How People Read Online: Lessons Learned From Eye-Tracking and Usability Testing
We sponsored an internet talk show featuring Kate Moran, senior UX specialist at Nielsen Norman Group (NNG), a world-renowned UX research focused consultancy. During the 45-minute interview with Scott Abel, The Content Wrangler, Moran helped the audience of over 500 information developers and technical communication professionals understand what usability researchers have learned over the years about how consumers read online.
If you were unable to attend the event (broadcast live on September 16, 2020), this article serves as a summary of what you missed. We also provide a link that you can use to watch a recording of the interview on demand.
Discovering How People Read Online
To discover how people read online, researchers at NNG rely [primarily] on two scientific approaches — evaluating analytics data and conducting usability testing. To determine what people read online, NNG uses eye-tracking technologies to monitor where the eye travels when consumers encounter content. Eye-tracking is one of the most valuable — and scientific ways to study how people read.
“It all works using cameras,” says Moran. “The system reflects light into the eyes of the person we’re studying, and the cameras track how that light bounces back.”
“Eye-tracking systems are remarkably accurate,” she says. “They’re precise” in being able to answer the question, “What is this person looking at?”
Usability testing and eye-tracking are tools we can use to measure the impact of the content we publish. While these methods are labor-intensive, the results are “worth the effort,” Moran says, because they let us witness realistic human behavior.
“What I love about eye-tracking research is that it’s all about seeing where readers direct their attention and determining what signals are influencing their behavior,” she adds.
Setting up and implementing a usability testing program involves attention to detail. We have to calibrate equipment for each person we intend to study because humans have different eye and face shapes.
“But once you do that, it’s possible to measure accurately what consumers are looking at and whether they are reading our prose word-for-word or not,” Moran says.
Once eye-tracking equipment has been configured and calibrated, it’s time to get down to work. The labor involved in usability testing with eye-tracking systems is not trivial. “We may need to walk each subject we intend to observe through about an hour and a half of testing,” says Moran.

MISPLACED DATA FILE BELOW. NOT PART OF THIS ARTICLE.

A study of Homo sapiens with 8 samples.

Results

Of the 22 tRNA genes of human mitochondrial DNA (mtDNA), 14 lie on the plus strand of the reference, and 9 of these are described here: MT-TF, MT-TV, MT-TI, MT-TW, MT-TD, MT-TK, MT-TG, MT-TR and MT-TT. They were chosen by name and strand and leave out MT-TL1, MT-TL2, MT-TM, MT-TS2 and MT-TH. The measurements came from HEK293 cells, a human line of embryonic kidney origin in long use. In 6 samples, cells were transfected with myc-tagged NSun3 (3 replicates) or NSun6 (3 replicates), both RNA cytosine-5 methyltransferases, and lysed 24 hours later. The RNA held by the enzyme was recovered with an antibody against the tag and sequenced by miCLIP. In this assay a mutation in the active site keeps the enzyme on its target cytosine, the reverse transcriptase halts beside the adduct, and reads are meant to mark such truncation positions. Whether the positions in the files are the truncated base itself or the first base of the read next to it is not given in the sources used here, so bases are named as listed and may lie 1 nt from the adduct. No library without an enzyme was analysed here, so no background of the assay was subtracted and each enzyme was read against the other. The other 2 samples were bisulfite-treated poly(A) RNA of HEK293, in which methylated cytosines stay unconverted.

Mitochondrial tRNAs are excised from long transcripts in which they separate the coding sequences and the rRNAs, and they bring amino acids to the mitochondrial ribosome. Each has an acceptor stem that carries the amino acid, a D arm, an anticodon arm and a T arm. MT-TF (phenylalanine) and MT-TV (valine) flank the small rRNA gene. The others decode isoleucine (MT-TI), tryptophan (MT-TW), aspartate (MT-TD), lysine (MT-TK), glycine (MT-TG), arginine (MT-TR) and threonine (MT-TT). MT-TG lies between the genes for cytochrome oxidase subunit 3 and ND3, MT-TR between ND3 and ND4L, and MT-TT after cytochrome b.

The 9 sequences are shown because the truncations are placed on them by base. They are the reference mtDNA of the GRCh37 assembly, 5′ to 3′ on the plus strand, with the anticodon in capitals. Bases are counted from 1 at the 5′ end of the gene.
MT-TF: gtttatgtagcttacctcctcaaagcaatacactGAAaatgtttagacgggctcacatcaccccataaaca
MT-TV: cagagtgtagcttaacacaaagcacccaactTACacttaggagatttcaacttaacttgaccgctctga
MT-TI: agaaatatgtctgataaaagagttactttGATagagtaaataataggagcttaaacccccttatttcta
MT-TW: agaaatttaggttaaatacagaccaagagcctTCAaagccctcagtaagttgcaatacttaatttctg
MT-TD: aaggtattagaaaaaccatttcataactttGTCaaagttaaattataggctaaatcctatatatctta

The quantitative work of determining what people read online also requires significant time watching (and rewatching) video recordings of each test subject’s usability testing and eye-tracking sessions.
No writer wants to hear this: The consumers we’re hoping to dazzle with our grammatical prowess and linguistic gymnastics do not read what we have written.
Consumers are an impatient lot. On average, the amount of time people spend on a web page only allows them to read about 20% of the words on the page, according to research from Jakob Nielsen.
“If we’re putting out 88,000 words on a topic, attempting to explain every little piece of data that might be useful to somebody, we may be doing them a disservice,” Moran notes.
“They say things like, ‘Wow, she’s not reading linearly, right? She’s not reading word-for-word. She’s not reading the words in the order we’re presenting them,'” Moran adds.
While it’s shocking for some content creators to realize, it’s common for online readers to skim past some content but read other bits. Just because we wrote it does not mean they’ll read it.
“One of the most important things that we’ve learned from eye-tracking research is how little people are reading, she says. The fact is, online consumers miss or skip over much of the content we intend them to consume.”
Sometimes, Moran says, they read a piece of content and return seconds later to reread it. “We call that backtracking, she says. “It can act as a sign that the reader doesn’t comprehend our content; they didn’t fully understand it, and they feel compelled to reread it.”
Putting Usability Testing and Eye-Tracking to Work
Usability testing and eye-tracking data can improve the way we produce content and serve our customers’ needs. When we discover something is amiss — content is not performing as we desire — it can be challenging to accept. Moran says once we determine that we’re not getting the expected results, “it’s an opportunity to make adjustments to our approach.”
Moran warns us to be cautious and to avoid focusing solely on designing for delight. While delight may seem to be a positive goal, it can also be “really, really distracting,” Moran says.
Moran offers up this advice—focus on making improvements that impact content performance.